MIDAS at World Conference on Marine Biodiversity 2014

News date: 
April 11, 2014

We are proud to announce that 3rd World Conference on Marine Biodiversity (WCMB2014; 12-16 October 2014, Qingdao, China) will host a MIDAS-related session on “Anthropogenic impacts on deep-sea biodiversity and their consequences”. Speakers are invited to submit abstracts before 30 May 2014 to disseminate their recent scientific work regarding current and future threats to deep-sea biodiversity, techniques for assessing diversity changes and their functional consequences, as well as measures to mitigate adverse impacts of human activities in the deep ocean.

 

Topics of expected contributions

The deep sea is the largest ecosystem on Earth. It harbours high biodiversity and provides a great variety of important direct and indirect goods and services such as food resources, oil, gas and minerals, and climate regulation. It is now well recognized that many areas of the deep sea are in deep trouble mainly due to the rapid depletion of their fish resources and consequent damage to sessile habitat-building organisms caused by destructive fishing gears. Additionally, the remoteness of most areas of the deep sea has promoted the disposal of residues and litter. The increased demand for natural and mineral resources, fuelled by rapid technological development, opened the exploitation of previously inaccessible areas leading to a sharp expansion of human activities toward deeper areas. Therefore, it is expected that increased industrial activities will emerge in the deep sea and will likely include deeper fishing, the extraction of gas hydrates, mining, carbon sequestration, and harvesting of genetic resources, among others. These new activities, along with the cumulative effects of ocean acidification and climate change, will further impact deep-sea biodiversity and, consequently, ecosystem functioning and the services these functions provide. Recent work has identified high risk to benthic communities on sedimentary upper slopes, cold-water corals, canyon benthic communities and seamount pelagic and benthic communities as a function of human impact. Therefore, assessing the impacts of existing and future human activities on deep-sea marine ecosystems is one of the major challenges for future research aiming at informing sustainable management and conservation of our deep ocean.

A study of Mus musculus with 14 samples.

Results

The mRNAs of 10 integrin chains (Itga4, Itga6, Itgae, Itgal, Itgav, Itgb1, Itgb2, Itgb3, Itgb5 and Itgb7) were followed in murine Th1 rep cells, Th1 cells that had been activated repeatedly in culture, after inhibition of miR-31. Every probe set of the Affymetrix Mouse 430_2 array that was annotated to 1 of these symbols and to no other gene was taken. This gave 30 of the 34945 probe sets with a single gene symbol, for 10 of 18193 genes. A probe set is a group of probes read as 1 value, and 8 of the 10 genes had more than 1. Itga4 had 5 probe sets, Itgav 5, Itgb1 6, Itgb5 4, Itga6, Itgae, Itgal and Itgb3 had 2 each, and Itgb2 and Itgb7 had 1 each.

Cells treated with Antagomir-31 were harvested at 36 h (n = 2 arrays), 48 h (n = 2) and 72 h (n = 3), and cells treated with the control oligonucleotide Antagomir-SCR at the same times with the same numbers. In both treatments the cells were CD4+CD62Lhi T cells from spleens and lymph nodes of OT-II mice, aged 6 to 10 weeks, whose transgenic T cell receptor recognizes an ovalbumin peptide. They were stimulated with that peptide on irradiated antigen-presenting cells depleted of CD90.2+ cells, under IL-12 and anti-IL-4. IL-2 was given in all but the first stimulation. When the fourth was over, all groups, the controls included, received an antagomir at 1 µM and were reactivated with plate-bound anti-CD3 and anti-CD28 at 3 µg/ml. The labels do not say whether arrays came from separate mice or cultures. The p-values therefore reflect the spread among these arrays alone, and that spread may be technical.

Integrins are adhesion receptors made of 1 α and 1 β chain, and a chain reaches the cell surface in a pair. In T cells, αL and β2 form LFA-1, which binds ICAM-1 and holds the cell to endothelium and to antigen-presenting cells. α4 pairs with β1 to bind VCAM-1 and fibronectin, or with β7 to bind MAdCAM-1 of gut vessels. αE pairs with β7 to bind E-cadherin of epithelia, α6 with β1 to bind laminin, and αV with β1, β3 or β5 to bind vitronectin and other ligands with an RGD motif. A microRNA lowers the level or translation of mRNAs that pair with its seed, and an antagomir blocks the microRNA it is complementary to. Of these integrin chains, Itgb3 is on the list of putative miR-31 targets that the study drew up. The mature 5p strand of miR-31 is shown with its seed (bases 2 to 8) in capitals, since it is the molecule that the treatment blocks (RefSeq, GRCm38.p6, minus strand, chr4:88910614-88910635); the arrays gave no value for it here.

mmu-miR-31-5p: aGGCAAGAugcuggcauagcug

Within the session “Anthropogenic impacts on deep-sea biodiversity and their consequences” we will promote the dissemination of recent scientific work regarding current and future threats to deep-sea biodiversity, techniques for assessing diversity changes and their functional consequences, as well as measures to mitigate adverse impacts of human activities in the deep ocean. We expect to generate discussion that will explore how best to approach future challenges in this realm.

 

Session chairs:

  • Telmo Morato; IMAR University of the Azores, Portugal
  • Eva Ramirez-Llodra; Norwegian Institute for Water Research, Norway
  • Kristina Gjerde; International Union for Conservation of Nature, USA
  • Lisa Levin; University California San Diego, USA

 

Session information:

  • Main Theme 6: Deep-sea Biodiversity
  • Session: Anthropogenic impacts on deep-sea biodiversity and their consequences
  • For more information please visit the conference website.